Nike is renaming the Alberto Salazar building on its Beaverton, Ore. campus, the company confirmed to FN.
The renaming follows a July ruling from the U.S. Center for SafeSport that bans the former Nike coach from long-distance running. The building will be renamed Next%, according to an internal memo viewed by the Willamette Week.
“This change follows the SafeSport decision to permanently ban Alberto from coaching,” Nike told FN in a statement. “The nature of the allegations and the finding of a lifetime ban make it appropriate to change the name of the building.”
Salazar, a former coach with Nike’s Oregon project, was banned from long-distance running in July by the U.S. Center for SafeSport. The ruling, which is subject to appeal, cited sexual and emotional misconduct.
Nike employees protested at the company’s headquarters in Beaverton, Ore., in December of 2019 when the building reopened after months of renovations. The protest was meant to “raise awareness of how Nike can support our female athletes and employees,” a flier advertising the march read.
Salazar’ alleged misconduct was brought to light in a 2019 New York Times op-ed video featuring former teen track star Mary Cain, who alleged psychological and verbal abuse from her coach, Salazar. Cain said that Salazar demanded excessive weight loss to the point where she lost her period, broke several bones, and suffered from depression and suicidal thoughts. Cain’s Nike teammates confirmed allegations made against Salazar.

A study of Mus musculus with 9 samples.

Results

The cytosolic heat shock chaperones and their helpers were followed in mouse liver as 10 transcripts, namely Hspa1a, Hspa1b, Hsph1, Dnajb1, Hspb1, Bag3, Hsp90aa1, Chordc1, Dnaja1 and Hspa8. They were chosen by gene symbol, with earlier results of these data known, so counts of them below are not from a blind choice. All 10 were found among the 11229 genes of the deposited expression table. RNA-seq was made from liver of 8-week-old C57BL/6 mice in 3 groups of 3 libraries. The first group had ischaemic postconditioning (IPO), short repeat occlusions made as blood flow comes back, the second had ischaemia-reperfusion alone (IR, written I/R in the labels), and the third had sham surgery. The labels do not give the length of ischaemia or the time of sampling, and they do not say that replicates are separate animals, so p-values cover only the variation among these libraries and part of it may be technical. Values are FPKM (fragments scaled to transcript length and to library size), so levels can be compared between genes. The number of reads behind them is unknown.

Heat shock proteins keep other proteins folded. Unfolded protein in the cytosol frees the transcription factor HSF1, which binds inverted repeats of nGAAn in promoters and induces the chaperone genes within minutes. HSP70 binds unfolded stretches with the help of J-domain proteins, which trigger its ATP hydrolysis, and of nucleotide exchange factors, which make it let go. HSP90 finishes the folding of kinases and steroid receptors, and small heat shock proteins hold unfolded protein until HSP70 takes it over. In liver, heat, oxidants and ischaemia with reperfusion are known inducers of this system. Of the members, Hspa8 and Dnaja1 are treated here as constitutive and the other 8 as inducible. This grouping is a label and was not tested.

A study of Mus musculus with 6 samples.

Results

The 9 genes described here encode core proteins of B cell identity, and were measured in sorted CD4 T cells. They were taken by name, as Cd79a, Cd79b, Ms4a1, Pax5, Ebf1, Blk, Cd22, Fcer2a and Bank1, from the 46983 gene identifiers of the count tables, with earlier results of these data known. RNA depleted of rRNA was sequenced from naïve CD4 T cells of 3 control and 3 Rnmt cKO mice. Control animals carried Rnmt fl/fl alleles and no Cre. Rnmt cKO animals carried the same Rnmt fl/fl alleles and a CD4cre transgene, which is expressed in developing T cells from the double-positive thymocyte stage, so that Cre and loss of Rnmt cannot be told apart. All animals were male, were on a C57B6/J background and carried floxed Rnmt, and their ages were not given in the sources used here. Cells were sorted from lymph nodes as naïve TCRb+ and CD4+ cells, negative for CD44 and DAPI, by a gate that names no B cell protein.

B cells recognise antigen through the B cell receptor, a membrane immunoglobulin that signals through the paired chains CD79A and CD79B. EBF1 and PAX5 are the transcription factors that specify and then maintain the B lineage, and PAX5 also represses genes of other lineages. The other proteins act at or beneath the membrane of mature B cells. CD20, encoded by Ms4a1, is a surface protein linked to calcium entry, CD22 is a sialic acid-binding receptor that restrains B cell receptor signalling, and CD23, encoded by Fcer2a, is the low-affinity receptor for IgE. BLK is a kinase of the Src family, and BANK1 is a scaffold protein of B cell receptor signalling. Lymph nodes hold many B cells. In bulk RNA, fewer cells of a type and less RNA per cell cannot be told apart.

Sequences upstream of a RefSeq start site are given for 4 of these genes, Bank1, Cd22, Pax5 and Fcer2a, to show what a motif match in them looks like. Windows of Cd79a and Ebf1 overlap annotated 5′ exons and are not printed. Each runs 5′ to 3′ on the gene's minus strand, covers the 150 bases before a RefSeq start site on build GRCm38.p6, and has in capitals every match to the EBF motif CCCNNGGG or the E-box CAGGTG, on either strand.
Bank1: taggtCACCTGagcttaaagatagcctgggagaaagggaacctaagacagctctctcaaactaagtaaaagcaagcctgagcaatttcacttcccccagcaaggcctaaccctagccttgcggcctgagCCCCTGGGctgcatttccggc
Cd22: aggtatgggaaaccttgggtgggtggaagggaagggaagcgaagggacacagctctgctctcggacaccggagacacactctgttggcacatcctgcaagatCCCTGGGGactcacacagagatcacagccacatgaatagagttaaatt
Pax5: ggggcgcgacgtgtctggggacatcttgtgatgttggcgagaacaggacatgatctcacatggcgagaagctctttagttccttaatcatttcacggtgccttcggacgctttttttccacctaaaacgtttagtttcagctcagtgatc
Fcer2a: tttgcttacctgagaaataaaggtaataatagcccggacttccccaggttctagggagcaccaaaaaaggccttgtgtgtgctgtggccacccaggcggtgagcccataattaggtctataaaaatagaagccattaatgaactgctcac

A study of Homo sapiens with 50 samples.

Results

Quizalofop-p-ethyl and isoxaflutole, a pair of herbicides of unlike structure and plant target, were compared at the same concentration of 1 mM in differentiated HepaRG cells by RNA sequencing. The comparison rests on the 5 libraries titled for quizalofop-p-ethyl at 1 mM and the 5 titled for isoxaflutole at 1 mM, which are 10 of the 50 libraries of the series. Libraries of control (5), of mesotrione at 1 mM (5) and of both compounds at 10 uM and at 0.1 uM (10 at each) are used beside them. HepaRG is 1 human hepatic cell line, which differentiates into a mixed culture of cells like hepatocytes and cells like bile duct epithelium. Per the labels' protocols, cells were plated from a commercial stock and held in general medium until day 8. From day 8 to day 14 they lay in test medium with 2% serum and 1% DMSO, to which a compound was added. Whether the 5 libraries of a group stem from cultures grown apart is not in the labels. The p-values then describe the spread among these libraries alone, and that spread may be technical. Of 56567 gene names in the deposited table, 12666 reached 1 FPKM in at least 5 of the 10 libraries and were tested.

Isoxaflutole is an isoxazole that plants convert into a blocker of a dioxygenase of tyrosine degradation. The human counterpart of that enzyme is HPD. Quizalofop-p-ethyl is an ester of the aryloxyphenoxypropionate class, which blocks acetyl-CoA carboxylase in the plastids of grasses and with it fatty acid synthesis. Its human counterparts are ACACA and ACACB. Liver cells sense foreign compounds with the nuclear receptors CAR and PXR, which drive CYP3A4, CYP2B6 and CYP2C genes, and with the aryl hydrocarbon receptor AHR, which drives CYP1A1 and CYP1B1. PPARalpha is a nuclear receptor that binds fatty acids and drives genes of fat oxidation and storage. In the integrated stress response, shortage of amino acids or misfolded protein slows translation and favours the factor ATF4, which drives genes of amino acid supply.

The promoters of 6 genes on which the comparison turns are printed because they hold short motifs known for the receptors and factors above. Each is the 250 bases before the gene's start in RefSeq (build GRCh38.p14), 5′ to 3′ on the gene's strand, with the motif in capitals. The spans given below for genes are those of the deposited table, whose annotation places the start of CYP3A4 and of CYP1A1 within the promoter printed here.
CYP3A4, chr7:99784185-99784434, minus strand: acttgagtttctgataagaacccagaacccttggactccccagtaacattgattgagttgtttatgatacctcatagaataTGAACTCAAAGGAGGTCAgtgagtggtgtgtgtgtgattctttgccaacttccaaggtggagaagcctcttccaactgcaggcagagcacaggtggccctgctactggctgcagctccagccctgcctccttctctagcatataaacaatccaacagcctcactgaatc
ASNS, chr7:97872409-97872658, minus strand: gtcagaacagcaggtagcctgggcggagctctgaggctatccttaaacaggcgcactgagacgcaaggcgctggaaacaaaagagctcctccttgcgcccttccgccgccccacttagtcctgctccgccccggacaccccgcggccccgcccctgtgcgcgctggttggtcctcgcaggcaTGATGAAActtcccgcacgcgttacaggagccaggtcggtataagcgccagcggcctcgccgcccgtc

“On occasion, I may have made comments that were callous or insensitive over the course of years of helping my athletes through hard training,” Salazar wrote in a 2019 statement. “If any athlete was hurt by any comments that I have made, such an effect was entirely unintended, and I am sorry.”
Separately, in October 2019, Salazar was suspended from the sport for four years by the U.S. Anti-Doping Association after it was discovered that he had trafficked testosterone, tampered or attempted to tamper with the doping control process and administered a banned IV infusion. Two weeks later, Nike said it would “wind down” the Nike Oregon Project but continued to support Salazar amid his appeal.
In a leaked October 2019 memo to employees, former Nike CEO Mark Parker refuted the doping allegations and said that he would “never condone cheating of any kind in sport or otherwise and I expect you [Nike employees] wouldn’t either.”
Since then, Nike’s treatment of female and minority employees and athletes has been in the spotlight. In recent months, Nike has made renewed commitments to diversity and equity initiatives.